Shell Canada plans to build a small-scale, liquefied natural gas plant (LNG) at its refinery near Sarnia. Once regulatory approvals are secured, their “Great Lakes Corridor Project” will require 50 to 100 short-term construction jobs.
But new jobs aren’t the only great story here.
The refinery is expected to be the first LNG facility in eastern Canada, producing over 1.51 million litres per day. Its strategic location on the St. Clair River, which connects the upper and lower Great Lakes and proximity to Michigan are key – allowing for supply to marine, rail and truck customers. (The area already services about 80 Canadian and 65 American ships.)
With new regulations forcing upgrades to marine emissions systems on an already beleaguered shipping industry (deeply dependent on diesel) the facility has been described as a “game-changing event.” This development will immediately lower fuel costs by roughly 30%.
Though the plant is three years off, companies are already taking notice. Montreal-based Canadian Steamship Lines is investigating conversion. Another company is already on board – the Interlake Steamship Company will be converting their existing diesel fleet to cheaper, cleaner-burning natural gas.
Though the St. Lawrence Seaway’s never seen an LNG-fuelled ship, seaway management said there’s no reason it can’t happen. “LNG is certainly becoming a more important fuel source,” said spokesman Andrew Bogora, “and the economic argument for LNG is certainly one that shippers are taking note of.”
With a new facility planned for Geismar, La. (serving the U.S. Gulf and Atlantic coasts) and the massive 12-million tonne export plant planned for Kitimat, B.C. natural gas seems to be part of a changing tide.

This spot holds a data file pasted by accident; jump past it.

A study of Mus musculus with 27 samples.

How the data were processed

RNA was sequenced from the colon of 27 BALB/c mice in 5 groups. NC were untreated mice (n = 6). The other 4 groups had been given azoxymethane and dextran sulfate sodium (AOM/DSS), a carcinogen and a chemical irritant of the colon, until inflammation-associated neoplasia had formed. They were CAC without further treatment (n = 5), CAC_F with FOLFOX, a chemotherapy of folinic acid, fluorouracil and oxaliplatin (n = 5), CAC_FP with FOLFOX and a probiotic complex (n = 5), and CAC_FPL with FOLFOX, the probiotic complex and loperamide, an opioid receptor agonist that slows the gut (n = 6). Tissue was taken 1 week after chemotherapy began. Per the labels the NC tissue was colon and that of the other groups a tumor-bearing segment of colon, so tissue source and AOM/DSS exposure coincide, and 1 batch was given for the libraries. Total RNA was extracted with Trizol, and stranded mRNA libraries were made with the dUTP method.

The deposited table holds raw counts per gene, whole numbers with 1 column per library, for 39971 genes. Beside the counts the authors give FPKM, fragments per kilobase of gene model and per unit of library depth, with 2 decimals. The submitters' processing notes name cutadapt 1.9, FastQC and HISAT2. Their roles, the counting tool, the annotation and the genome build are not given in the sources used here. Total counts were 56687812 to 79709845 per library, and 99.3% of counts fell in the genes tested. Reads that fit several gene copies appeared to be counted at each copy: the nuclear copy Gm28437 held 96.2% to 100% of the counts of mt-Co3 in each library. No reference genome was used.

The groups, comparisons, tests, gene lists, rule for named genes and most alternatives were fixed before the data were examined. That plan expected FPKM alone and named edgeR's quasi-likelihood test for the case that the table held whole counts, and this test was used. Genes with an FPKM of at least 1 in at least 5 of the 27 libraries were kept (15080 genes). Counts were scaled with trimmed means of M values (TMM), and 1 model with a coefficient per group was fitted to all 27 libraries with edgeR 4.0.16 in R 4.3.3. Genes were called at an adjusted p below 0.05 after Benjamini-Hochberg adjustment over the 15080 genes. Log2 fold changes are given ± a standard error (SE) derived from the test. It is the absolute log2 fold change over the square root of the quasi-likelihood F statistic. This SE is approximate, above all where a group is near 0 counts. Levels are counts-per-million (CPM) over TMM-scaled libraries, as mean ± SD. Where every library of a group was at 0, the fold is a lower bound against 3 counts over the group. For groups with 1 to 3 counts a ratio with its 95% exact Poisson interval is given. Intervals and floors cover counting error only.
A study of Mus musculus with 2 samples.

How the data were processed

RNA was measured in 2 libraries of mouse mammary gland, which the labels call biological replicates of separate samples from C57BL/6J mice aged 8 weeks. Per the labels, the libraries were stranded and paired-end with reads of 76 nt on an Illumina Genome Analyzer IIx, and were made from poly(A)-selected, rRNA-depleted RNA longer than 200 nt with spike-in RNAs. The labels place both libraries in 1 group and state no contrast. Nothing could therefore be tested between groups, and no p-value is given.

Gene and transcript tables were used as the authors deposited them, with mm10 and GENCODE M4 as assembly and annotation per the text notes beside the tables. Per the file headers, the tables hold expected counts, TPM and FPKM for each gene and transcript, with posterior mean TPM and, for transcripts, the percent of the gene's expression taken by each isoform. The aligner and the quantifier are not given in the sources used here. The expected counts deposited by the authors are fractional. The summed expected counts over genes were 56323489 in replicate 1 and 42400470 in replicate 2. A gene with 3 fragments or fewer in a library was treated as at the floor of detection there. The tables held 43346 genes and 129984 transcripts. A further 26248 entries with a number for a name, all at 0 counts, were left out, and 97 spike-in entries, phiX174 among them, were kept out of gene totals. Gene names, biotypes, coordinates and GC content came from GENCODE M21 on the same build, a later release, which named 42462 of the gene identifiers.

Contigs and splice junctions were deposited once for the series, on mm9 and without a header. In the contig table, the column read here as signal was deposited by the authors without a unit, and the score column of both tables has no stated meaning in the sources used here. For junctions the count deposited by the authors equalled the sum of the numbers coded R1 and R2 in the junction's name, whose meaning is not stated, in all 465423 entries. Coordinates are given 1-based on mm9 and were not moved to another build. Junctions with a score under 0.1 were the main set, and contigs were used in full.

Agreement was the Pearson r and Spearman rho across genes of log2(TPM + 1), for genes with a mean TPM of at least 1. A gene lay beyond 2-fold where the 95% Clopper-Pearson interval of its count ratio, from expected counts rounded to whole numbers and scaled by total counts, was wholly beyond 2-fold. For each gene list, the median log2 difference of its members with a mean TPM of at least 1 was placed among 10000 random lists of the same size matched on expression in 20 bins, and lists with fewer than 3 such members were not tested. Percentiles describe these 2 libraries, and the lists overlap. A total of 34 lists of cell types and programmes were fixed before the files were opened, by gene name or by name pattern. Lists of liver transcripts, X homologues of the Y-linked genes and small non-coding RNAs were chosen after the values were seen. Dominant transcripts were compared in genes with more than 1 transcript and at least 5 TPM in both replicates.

We’d like to hear your perspective on the economic possibilities of converting to natural gas in the comments below.
Source: Globe and Mail, 5 Mar. 2013, at
The short answer: by the time it reaches your stove, furnace or water heater, natural gas is almost pure methane. Usually, it’s a fossil fuel that comes from deep in the ground, formed by pressure, temperature and time.
The long answer is really long – millions of years long. Natural gas begins as plant life, animals and microorganisms, most commonly from dried-up, long-forgotten oceans. All of this matter would die off and eventually get buried under sediment, mud and rock (that’s why it’s called a fossil fuel) where it would sit under pressure and heat for millions of years. This would break the organic materials’ carbon bonds and transform it into something we all use today. As almost pure methane (one carbon and four hydrogen atoms) natural gas is the cleanest-burning fossil fuel.
Once mined in its raw form, natural gas can have impurities and other hydrocarbons in it like propane, butane, and hydrogen sulfide, which are removed as byproducts and used in a variety of useful ways. Although naturally colourless and odourless, gas producers add that distinctive “rotten egg” odour (called mercaptan) so leaks can be easily detected.
However, some natural gas doesn’t come from pressure, heat and time. Ontario could add to its energy mix with biogenic methane, also known as biogas. In this process, methanogens – tiny methane-producing microorganisms – break down organic matter from biodegradable waste to produce natural gas. Landfill gas is a great example, where new technologies are being utilized to harness this renewable resource. Although many jurisdictions are turning to biogas, the province isn’t moving forward on it at this time.
To learn more about how it gets to your home read our previous posting The Journey of Natural Gas. You can also let us know your thoughts below.